Part of the fun of drawing is the ability to capture detail. Your favorite object, landscape, and even person probably has some characteristic that makes you think, “I’d love to draw that!” And, when you’re drawing from life, you’re going to be faced with something that has a lot of detail.
We’ll learn some easy tips for capturing the most interesting parts of what you’re drawing!
Take your skills a step further, and try your hand an an expressive charcoal drawing with the Bluprint class Traditional Portrait Drawing Techniques. You’ll get step-by-step expert instruction, including the ability to receive feedback on your work, to help you create gallery-worthy charcoal portraits!
I’ve set up a little still life that includes some of my favorite ceramic pieces, including a milk vase that has a lot of little details. For the purpose of this tutorial, I’m going to focus on the vase.
If you’ve ever read my other charcoal tutorial, you’ll know that I work with a combination of vine charcoal (soft, easy to blend) and compressed charcoal (great for outlines but less forgiving). I always start with my vine because it’s easier to erase if I make a mistake. In addition, I’ll also be using a kneaded eraser and a conventional rubber one, as well as a white charcoal pencil for the finishing touches.
Step 1: Draw an outline with vine charcoal.
Our first step is to create a contour drawing of the vase using vine charcoal. At this point, we’re not concerned with shading, and just want to draw the outline to figure out placement of details. Look as carefully as you can and record the overall shape of the object and what the defining details are.
We see that the base of the vase is made up of tiny lines that are deep and cast a lot of shadows. While there’s other stuff going on at the top, they are less striking. In order to really draw this likeness, we’ll need to pay closest attention to what people will recognize first.
Step 2: Carefully shade your drawing with vine charcoal.
Once you have the drawing figured out (don’t rush this step!), it’s time to shade. Start with the lightest areas and work up to the darker tones. Use your fingers to blend and your kneaded eraser to fix and mistakes. Often, I’ll draw with my kneaded eraser into parts I’ve previously shaded.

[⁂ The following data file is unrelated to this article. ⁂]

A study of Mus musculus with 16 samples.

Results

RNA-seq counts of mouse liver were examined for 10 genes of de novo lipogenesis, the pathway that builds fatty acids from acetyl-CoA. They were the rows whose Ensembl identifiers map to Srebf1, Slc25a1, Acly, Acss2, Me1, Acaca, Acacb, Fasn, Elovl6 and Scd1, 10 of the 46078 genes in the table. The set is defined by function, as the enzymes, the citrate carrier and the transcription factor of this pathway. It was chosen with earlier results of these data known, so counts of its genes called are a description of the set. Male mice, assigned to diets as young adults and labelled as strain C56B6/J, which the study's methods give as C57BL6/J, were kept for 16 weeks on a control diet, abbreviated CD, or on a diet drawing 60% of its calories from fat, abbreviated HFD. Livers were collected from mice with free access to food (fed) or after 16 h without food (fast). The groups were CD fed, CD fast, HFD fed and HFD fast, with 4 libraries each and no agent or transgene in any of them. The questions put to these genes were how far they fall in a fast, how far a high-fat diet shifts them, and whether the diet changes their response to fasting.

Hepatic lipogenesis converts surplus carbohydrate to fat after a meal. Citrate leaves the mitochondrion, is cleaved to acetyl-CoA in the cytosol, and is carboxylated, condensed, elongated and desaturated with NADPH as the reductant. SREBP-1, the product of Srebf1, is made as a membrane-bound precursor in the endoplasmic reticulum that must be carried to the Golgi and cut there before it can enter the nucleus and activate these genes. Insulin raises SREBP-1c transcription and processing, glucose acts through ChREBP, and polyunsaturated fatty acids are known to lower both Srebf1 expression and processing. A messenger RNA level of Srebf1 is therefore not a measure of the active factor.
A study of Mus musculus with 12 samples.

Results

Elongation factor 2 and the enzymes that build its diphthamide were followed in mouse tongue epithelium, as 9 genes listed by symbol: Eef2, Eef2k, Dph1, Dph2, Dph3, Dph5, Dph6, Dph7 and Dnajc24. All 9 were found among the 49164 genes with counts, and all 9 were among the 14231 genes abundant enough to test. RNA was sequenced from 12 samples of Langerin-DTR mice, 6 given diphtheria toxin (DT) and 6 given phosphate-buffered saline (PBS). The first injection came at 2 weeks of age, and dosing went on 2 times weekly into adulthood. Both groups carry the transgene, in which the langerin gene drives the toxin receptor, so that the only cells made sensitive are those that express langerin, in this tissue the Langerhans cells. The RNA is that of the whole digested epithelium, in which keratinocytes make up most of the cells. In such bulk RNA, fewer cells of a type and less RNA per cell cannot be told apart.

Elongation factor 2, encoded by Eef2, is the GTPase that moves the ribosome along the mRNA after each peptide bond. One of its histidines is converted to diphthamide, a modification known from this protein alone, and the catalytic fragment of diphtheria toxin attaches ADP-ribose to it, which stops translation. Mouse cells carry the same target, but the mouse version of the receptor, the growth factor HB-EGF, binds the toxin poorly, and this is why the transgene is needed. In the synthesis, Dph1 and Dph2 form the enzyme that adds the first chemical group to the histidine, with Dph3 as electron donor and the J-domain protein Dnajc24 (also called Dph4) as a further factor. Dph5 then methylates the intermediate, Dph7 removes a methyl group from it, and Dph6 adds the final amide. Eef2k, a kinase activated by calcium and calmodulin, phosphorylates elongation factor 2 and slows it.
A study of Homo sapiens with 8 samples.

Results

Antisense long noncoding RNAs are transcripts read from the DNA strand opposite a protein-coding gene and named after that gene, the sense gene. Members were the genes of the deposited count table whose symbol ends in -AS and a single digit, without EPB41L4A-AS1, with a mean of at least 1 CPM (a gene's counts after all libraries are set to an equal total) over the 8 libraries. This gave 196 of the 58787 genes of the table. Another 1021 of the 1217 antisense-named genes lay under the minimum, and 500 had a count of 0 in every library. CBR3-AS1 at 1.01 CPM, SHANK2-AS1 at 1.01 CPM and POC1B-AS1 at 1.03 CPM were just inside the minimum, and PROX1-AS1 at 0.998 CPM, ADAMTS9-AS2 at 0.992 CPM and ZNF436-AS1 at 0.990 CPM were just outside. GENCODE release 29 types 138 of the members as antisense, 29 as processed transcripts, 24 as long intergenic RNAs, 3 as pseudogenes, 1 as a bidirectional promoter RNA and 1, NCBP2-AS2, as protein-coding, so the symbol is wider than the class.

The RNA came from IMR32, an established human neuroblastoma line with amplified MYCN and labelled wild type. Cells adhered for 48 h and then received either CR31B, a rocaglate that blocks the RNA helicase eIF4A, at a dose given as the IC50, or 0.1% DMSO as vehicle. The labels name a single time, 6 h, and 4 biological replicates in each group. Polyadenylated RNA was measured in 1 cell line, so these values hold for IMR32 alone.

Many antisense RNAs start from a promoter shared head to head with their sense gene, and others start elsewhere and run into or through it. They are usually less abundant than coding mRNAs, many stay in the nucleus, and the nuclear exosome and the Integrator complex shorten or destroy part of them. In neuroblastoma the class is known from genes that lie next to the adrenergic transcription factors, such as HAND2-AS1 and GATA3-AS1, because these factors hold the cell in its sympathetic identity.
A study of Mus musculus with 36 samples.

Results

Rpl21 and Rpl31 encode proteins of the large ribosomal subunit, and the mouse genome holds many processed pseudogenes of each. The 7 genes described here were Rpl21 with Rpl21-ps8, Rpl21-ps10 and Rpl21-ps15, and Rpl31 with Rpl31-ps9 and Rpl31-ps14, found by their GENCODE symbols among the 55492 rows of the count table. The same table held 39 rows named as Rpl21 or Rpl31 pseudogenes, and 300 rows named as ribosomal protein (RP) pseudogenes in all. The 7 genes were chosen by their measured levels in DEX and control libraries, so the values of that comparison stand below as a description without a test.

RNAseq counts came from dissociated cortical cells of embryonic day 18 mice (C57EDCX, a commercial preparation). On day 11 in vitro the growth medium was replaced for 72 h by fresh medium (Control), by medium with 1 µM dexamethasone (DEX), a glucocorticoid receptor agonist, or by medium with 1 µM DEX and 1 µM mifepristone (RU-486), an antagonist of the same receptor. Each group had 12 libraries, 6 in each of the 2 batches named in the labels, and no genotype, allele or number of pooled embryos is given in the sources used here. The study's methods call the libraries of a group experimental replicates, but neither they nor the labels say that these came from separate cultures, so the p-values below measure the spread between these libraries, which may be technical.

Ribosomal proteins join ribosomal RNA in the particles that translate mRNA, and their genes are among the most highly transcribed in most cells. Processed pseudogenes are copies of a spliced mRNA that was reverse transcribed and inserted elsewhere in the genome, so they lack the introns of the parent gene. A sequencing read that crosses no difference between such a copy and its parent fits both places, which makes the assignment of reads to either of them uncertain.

Step 3: Define the details using compressed charcoal.
So you’ve been paying attention to the where the dark darks and light lights are, but now it’s time to really bring them out. Here’s where our trusty compressed charcoal comes in handy. It will give you the hard edge you need to really define the object’s idiosyncrasies and tighten up the overall drawing.
However, be sure to start lightly. As I mentioned before, it can be unforgiving and mistakes are harder to erase. I work from light to dark with the pencil and use it to define any fine lines I wasn’t able to achieve with the vine charcoal.
Step 4: Refine with your eraser.
Part of a charcoal drawing is erasing because it’s inevitable that there will be smudges. Probably more than one! So, you’ll want to erase to clean up the drawing and also to bring out any highlights or crisp edges. The kneaded eraser will also help you blend any areas that might look uneven.
Step #5: The grand finale — your white charcoal pencil!
You’ve defined and refined, but what about those highlights? Think they could be brighter? Yes! To achieve this, we’ll use a white charcoal pencil to sparingly touch on some of the very lightest parts of your drawing. I wouldn’t recommend it as a crutch, but as a way to accent what you already have.
So there you have it! Drawing small details can take a while and requires patience, but going slow will help you create a likeness of some of your favorite objects.